Law: Great British oratory or plain Euro-waffle?: Adversarial questioning is becoming established practice in the European Court - though the approach has its critics. Adam Sage reports
Friday 22 January 1993
Assuming that his work was over, he glanced at the five purple-robed judges and prepared to sit down. But he was mistaken. Judge David Edward, the United Kingdom member of the European Court of Justice, had a number of questions to ask him.
What was the European Commission doing, Judge Edward wondered, paying money to Burkina Faso when it had been asked not to? And why had the commission ignored the ruling of the Belgian judge?
The lawyer prevaricated, Judge Edward insisted and the lawyer mumbled an answer. It was the sort of cut and thrust that is familiar to British observers, but is a new phenomenon on the Continent, where courts are used to conducting proceedings in writing.
The case turned on a dispute about development aid that the commission had paid to the government of Burkina for the construction of 210 wells. A company, Forafrique Burkinabe SA, had carried out some of the work, digging the wells, but never received the pounds 206,000 it said it was owed. No one knew where the funds had gone. The firm had abandoned efforts to sue the national authorities and was instead taking action against the European Community. It was particularly angry that the commission had continued to pay funds even after legal action was started in a Belgian court.
The hearing was interesting as an insight into the workings of the EC, which argued that it was answerable only to the European Court, and not to the Belgian authorities, and that anyway it was of no concern to the commission if its funds did not reach the firm building the wells.
But the hearing was also interesting as an example of how the European Court had fused the Continental tradition of written evidence with elements of the British legal system. Before the arrival of Britain and Ireland into the EC, the judges at the court never questioned lawyers appearing before them, relying instead on written submissions. But the British and Irish, brought up on adversarial traditions, have changed all that.
At first, such questioning was frowned upon by judges from other countries, who found it irrelevant and said it did little to help their understanding of the case. Gradually, however, attitudes changed and among the court's 13 judges there is now wide acceptance of the advantages of detailed public questioning.
But can Britain, in turn, learn from the Continental approach that lies at the heart of the European Court of Justice? This works as follows: when a case comes to court, both sides produce written submissions. One of the judges is designated as rapporteur and charged with producing a summary of the case. The hearing is short, with counsel largely rehearsing arguments that have already been detailed in writing. They have no opportunity to waffle; one of the rules is that they may only speak for half an hour.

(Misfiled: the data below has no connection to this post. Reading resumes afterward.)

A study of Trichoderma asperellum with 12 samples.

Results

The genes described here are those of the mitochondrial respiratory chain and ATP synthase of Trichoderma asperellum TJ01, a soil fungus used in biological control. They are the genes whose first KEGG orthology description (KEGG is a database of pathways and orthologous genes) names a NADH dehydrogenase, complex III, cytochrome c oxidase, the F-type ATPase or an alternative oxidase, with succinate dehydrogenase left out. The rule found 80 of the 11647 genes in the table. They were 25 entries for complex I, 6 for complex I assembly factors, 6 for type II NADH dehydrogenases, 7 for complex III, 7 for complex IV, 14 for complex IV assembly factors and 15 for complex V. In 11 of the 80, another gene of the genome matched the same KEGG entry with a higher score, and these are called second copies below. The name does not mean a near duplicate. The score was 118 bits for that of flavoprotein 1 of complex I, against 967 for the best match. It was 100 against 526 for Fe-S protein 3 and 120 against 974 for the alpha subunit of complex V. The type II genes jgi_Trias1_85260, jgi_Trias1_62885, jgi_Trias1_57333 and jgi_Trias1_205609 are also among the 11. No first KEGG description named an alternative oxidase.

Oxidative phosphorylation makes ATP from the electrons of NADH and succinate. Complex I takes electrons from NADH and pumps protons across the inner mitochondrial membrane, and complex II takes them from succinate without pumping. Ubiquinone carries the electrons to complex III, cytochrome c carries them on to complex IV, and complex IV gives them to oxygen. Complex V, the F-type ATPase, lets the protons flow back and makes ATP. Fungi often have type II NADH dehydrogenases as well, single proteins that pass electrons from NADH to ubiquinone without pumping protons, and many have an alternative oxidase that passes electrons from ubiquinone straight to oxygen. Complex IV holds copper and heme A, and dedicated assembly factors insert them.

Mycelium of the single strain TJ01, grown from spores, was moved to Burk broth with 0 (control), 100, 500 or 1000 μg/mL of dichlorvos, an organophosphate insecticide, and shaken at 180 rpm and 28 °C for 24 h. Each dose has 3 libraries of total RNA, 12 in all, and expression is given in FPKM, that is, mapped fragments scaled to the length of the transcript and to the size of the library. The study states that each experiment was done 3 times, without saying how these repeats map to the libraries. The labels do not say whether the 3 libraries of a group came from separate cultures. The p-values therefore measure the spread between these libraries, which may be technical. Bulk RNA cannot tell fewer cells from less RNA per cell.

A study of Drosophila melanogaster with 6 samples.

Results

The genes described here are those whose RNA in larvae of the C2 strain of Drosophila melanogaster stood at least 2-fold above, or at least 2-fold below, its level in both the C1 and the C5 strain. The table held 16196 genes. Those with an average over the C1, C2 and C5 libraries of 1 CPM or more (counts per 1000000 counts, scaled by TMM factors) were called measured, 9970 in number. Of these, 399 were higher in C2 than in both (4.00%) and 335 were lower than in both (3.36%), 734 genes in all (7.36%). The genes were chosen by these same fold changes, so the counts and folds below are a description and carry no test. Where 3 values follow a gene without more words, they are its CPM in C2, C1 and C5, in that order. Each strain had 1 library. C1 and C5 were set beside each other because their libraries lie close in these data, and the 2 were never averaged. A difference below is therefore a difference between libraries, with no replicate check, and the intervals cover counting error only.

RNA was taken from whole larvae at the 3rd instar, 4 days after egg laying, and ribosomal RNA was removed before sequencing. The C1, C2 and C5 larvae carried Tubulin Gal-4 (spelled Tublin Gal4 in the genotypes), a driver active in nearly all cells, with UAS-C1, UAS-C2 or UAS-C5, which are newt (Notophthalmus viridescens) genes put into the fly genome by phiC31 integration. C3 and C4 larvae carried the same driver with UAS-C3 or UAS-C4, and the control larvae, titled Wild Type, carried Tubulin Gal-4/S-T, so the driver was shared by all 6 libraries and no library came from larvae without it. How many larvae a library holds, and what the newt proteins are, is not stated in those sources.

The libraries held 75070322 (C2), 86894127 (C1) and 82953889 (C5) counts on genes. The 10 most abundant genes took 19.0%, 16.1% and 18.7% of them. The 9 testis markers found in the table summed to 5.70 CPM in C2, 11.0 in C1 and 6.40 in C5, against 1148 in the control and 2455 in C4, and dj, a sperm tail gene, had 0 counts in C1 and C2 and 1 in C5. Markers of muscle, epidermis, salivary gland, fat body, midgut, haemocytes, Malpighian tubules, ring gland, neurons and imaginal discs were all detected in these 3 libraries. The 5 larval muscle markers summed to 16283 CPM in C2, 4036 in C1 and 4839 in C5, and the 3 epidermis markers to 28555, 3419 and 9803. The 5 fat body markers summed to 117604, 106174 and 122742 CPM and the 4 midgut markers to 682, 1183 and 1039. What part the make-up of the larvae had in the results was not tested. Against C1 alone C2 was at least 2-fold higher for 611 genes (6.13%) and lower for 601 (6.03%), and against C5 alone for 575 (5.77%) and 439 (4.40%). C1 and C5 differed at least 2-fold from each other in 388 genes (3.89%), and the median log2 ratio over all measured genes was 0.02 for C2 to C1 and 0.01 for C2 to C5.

The next stage involves an advocate-general, an adviser to the European Court, who produces opinions on all the cases that go before it. Such a document forms the focal point upon which the judges base their discussion before coming to a final decision.
Members of the court say that it is essential for them to focus their deliberations on written submissions because of the complexity of the cases, especially as interpreters are often needed.
They point out that in Britain, too, oral traditions increasingly need to be backed by written documents. In complicated cases, the sort of rhetorical flourishes employed by Rumpole of the Bailey are no longer suitable if judges are to follow the arguments.
But should barristers be muzzled at the end of half an hour? Judge Edward is cautious, saying: 'It is useful to limit speeches in the European Court of Justice, not because it shuts lawyers up, but because of the language problem. It is frankly counterproductive to speak for a long time.'
Some of his colleagues are privately more forthright, questioning whether it is necessary for lawyers in Britain to speak for days on end. 'It is much easier for a judge to read than to listen,' says one. He says it would be cheaper and more efficient to dispense with all but short oral arguments - and it would produce better judgments.
Nevertheless, some lawyers are wary, pointing out that at the European Court the press and public are denied the opportunity of reading all the submissions and therefore scrutinising all the arguments. In Britain, they say, such a step would cut across the principle of open justice.